Monday, January 18, 2016

New challenges ahead at Microsoft

Seven years ago, I finished my Computer Science degree at the University. I immediately started working as a web developer and consultant focusing on EPiServer development at a consultancy called Objectware (now part of Itera). It didn't take me long to realize that the place to be if you were into EPiServer was a small consultancy called Epinova, and so I transitioned as soon as the opportunity presented itself. I've worked at Epinova ever since, for about five and a half years.

My time at Epinova has been absolutely amazing. We were approximately 20 developers when I joined and the company has more than doubled within my time there. At such a small company, you always know what everyone is working on, talking to management is simply a tap on the shoulder of the person you wish to speak to, and you're often given responsibilities and opportunities far outside of your comfort zone. It has the start-up atmosphere combined with the security of a larger company, and it was the perfect place for me to grow.

When I started working at Epinova, I was an average web developer. Even though my technical skills were not top-notch, I managed to deliver allright in the beginning due to the fact that I was a fast and structured learner. I immediately sensed that something was different though. For the first time, I was surrounded by developers who truly cared about the code they were writing. They wanted the best for their customers, quality always came first. And I was feeding off the energy, constantly growing as a developer, slowly figuring out which areas I needed to excel at and which would land me the most interesting projects. I was given the freedom to deal with customers the way I felt was right, I was given time to focus on side projects and I was trusted to make the right decisions. This shaped me both as a person and as a developer, and gave me the confidence I needed to go the extra mile.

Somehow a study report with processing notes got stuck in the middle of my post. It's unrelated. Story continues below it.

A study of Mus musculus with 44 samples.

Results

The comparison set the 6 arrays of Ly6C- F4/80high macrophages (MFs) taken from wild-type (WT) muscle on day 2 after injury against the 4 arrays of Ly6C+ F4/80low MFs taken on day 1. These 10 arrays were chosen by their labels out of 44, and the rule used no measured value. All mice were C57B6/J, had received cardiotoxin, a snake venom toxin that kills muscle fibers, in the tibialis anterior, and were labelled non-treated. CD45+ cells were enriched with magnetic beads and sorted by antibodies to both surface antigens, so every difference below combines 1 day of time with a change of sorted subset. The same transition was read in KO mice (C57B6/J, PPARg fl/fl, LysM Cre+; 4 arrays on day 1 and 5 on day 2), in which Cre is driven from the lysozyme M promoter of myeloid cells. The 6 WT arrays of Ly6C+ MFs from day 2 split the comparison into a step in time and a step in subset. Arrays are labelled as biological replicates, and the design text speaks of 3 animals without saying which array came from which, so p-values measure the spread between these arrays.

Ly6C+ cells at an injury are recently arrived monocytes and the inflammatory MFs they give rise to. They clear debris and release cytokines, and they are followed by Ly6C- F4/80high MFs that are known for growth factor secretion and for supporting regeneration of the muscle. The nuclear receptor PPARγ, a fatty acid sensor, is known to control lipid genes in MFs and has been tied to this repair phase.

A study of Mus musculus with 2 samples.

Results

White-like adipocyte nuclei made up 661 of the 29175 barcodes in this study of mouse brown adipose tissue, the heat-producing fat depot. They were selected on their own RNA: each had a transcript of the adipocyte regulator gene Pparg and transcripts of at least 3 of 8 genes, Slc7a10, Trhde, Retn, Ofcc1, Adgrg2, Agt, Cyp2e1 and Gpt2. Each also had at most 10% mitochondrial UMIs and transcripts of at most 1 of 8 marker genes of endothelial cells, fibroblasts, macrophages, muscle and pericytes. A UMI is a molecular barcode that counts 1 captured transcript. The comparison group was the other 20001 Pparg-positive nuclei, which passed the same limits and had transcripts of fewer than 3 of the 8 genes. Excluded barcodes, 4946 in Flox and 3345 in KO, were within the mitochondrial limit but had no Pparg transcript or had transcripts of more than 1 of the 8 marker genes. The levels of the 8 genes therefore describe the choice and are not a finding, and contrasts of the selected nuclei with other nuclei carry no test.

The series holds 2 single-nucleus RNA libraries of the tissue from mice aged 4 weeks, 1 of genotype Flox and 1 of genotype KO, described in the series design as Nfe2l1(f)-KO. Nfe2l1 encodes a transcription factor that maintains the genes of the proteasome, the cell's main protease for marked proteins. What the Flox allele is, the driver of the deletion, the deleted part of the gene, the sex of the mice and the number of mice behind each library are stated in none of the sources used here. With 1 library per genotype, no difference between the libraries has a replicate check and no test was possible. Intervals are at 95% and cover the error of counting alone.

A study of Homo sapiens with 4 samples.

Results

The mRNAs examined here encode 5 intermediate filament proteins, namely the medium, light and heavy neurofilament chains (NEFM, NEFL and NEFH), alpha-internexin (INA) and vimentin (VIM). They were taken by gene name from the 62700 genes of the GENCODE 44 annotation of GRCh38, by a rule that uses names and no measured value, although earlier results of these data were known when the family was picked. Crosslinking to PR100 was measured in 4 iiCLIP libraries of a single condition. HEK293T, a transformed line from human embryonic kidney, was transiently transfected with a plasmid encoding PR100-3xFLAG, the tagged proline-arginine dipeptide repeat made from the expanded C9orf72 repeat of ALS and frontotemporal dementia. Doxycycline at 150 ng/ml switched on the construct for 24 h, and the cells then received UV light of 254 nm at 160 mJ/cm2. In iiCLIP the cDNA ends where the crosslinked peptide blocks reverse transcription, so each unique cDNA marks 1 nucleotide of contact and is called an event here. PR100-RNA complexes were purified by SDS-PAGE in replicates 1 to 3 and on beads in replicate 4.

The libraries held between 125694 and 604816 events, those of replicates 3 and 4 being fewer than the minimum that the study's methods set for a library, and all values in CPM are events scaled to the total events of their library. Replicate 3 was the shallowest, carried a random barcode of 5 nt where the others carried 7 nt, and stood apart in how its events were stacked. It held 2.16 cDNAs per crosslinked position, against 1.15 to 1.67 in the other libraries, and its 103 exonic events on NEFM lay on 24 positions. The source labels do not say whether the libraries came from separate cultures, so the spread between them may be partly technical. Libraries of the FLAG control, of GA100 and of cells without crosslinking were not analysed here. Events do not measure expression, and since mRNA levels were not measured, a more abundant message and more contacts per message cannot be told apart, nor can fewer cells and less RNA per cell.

Unfortunately, I slowly started losing interest in our main area of expertise: EPiServer. I ignored this petrifying feeling by digging deeper into other areas such as Microsoft Dynamics CRM, Octopus Deploy, Azure, E-Commerce, and general Research & Development tasks. Inevitably though, I reached a point where I could no longer ignore the fact that EPiServer just didn't do it for me anymore. I slowly started thinking about Microsoft, I'd heard stories about the Developer Experience team and the work they were doing. Could that be my next move?

Today, I am superexcited to announce that the Developer Experience team at Microsoft, in fact, will be my next move. From the beginning of April, I will be their new ALM (Application Lifecycle Management) Solution Specialist. This is an amazing opportunity I'm very grateful to have received and I suspect there are plenty of challenges waiting for me ahead. I've already had the honor of meeting the team, a loud gang filled with laughter and knowledge. I can't wait to pick their brains!

Until then, I'm going to enjoy two quiet months at home with my daughter. Well, not completely quiet. I'll be giving a talk at Girl Geek Dinner Oslo on February 3rd about how I spend my maternity leave continously learning new skills. And of course, I'll spend some time reading up Visual Studio, Visual Studio Team Services, Visual Studio Code etc.

Did I mention how excited I am about all of this?